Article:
300 Manatees Throw Massive Party In Wildlife Refuge, Literally Shut The Place Down
When a herd of 300 manatees comes swimming into your spring, there's not much to do but sit back and watch them float by.
At the Crystal Rivers National Wildlife Refuge in Crystal River, Florida, staff and volunteers found out just how many West Indian manatees could cram themselves into a spring this week. The park was forced to close down on Monday when a whopping 300 of the mammoth animals flooded in. For context, the normal manatee population in the area is 65.
Usually, the springs are visited by kayakers and swimmers, but this week the 1,200-pound manatees reign supreme. Also known as sea cows, manatees seek shallow pools when temperatures drop. They've even been spotted congregating around nuclear power plants, which emit warm water.
These manatees decided to cozy up in the warm lagoon:
There's no word yet on when the U.S. Fish and Wildlife Service will reopen the springs.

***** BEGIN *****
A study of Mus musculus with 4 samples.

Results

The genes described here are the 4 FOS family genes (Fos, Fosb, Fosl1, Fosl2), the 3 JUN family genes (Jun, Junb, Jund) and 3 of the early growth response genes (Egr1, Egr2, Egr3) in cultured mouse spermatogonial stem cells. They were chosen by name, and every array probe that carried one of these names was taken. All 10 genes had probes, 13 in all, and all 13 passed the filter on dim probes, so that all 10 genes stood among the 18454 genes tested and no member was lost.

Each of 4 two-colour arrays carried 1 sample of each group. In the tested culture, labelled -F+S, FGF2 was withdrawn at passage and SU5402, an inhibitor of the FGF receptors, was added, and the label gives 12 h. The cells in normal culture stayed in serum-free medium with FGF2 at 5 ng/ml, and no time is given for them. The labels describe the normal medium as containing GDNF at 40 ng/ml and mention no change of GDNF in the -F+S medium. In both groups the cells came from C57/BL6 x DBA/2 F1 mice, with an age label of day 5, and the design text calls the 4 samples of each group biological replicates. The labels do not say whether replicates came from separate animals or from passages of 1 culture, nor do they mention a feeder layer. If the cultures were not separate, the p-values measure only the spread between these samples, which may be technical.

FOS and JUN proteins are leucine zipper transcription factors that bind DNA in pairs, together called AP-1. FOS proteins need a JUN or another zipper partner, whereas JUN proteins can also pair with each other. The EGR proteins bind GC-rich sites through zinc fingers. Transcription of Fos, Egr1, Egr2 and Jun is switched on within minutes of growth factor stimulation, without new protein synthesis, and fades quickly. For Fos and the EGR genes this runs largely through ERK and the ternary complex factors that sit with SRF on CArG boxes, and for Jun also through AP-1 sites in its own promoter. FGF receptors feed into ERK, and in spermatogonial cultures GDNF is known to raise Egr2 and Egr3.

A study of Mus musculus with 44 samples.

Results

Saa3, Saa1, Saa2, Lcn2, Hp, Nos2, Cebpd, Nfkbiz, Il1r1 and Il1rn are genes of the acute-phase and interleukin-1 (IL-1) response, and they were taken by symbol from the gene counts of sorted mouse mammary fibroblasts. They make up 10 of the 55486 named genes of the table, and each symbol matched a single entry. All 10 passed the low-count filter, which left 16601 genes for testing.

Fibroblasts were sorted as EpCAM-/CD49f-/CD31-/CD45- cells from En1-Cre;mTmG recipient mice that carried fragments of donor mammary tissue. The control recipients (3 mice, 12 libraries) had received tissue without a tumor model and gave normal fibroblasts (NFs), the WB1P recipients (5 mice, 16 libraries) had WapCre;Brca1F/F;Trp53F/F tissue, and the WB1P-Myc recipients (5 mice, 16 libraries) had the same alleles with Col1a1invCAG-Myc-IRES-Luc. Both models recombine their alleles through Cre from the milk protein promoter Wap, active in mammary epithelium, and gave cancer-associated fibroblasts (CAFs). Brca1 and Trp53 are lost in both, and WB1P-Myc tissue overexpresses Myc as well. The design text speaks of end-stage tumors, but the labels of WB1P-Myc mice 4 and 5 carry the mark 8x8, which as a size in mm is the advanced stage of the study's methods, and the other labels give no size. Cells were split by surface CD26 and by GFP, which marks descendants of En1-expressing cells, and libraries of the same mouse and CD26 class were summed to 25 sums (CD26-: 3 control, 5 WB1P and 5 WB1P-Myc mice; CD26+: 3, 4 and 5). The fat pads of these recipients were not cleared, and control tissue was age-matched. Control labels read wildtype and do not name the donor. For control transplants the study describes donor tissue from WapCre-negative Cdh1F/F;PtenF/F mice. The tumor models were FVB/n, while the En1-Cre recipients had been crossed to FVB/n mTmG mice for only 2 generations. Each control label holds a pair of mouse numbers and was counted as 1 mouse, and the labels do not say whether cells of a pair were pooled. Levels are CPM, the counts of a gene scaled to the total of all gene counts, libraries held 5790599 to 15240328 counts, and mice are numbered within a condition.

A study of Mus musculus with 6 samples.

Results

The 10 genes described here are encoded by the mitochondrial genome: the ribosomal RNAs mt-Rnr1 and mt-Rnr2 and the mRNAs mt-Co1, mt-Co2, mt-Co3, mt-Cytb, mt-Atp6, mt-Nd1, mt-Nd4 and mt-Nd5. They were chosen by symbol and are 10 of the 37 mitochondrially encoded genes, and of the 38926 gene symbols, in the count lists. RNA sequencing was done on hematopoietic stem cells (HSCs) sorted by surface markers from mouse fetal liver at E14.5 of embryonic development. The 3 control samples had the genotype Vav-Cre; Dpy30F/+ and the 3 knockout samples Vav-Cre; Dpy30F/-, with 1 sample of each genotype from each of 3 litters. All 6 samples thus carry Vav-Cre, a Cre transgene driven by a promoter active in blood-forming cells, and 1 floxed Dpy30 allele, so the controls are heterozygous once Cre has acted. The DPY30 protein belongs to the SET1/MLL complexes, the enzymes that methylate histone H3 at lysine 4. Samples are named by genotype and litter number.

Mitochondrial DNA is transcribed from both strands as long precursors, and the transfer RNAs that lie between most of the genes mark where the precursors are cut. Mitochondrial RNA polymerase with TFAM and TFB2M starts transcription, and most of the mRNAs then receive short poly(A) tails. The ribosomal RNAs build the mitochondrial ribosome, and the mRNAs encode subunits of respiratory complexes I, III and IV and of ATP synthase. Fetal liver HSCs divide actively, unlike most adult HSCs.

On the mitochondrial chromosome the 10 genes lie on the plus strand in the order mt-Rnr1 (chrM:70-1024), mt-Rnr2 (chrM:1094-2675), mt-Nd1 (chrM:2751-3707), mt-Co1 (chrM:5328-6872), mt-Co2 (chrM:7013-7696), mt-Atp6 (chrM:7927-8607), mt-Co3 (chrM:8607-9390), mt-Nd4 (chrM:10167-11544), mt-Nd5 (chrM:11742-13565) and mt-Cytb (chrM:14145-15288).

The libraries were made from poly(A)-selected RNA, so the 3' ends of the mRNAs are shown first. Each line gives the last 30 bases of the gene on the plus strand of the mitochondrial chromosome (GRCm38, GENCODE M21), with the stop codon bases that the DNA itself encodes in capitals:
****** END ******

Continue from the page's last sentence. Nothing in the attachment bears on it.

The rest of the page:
While these manatees are lolling around in their warm bath, life isn't always so easy for the species. The main cause of death for manatees is conflict with humans, particularly habitat destruction and ship strikes. As slow-moving mammals, they often don't move quickly enough to avoid speeding boats, and are hit by propellers. Scientists can even identify them individually by the scar patterns on their backs. Speed limits and educational materials have been encouraged as ways to help reduce boat collisions.
Conservationists also worry that the constant presence of tourists and swimmers can put stress on the animals - which is why the closure is surely a welcome break.
See this page for more information on how to save Florida's iconic sea cows.